NIACE rebukes calls for UK apprenticeship age limit
A report from the Institute of Public Policy Research recommending the age limit for UK apprenticeships be lowered to 23 has been criticised by NIACE (National Institute of Adult Continuing Education).
The report suggested that no one aged 23 or over should be allowed to start an apprenticeship except in exceptional circumstances, and few apprentices should be aged 25 or over.
Responding to the ‘Remember the young ones: Improving career opportunities for Britain’s young people’ report, NIACE said that apprenticeships should be based on the stage an individual is at in their career – rather than their age.
Caroline Berry, Head of Learning for Work at NIACE said: “It is the stage of a career that is crucial, not the age of the individual. Apprenticeships can make a significant difference at these stages, including when people move into their first job (at any age), when they are promoted into a new role requiring new skills and when they change career.”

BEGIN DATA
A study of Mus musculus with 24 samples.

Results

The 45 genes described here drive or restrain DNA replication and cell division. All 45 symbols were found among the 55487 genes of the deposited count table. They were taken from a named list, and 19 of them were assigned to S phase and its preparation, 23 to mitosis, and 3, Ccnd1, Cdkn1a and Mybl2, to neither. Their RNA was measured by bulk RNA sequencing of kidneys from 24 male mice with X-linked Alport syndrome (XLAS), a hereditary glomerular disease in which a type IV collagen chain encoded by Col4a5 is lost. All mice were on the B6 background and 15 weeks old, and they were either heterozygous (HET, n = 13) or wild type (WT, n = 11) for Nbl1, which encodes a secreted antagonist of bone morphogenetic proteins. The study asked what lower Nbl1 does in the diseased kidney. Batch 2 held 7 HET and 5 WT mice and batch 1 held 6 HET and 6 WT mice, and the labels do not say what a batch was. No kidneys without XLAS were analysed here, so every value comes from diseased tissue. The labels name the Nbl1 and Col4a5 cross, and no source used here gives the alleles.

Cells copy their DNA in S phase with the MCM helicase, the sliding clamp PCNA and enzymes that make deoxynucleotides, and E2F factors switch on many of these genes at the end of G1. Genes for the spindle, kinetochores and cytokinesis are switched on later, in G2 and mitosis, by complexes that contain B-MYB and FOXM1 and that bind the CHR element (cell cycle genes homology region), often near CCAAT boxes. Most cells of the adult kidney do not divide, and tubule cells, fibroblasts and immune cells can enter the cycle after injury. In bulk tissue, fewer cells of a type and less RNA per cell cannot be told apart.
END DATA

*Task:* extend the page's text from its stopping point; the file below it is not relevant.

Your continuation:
The report included studies of the vocational education model in countries in Europe that had low levels of youth unemployment during the recession. It said that counties that had good school to work transition opportunities for young people, such as Germany, Austria, Switzerland and Norway, were more likely to have higher number of young people in employment.
NIACE said it welcomed the report’s evidence on the importance of the transition between learning and employment. However, NIACE called for more focus on the future needs of the labour market.
“This report must take account of some of the stark realities of the world of work. There will be 13.5 million job vacancies over the next decade, but only 7 million young people entering the labour market – skilled adults already in work will need to fill that gap,” Berry said.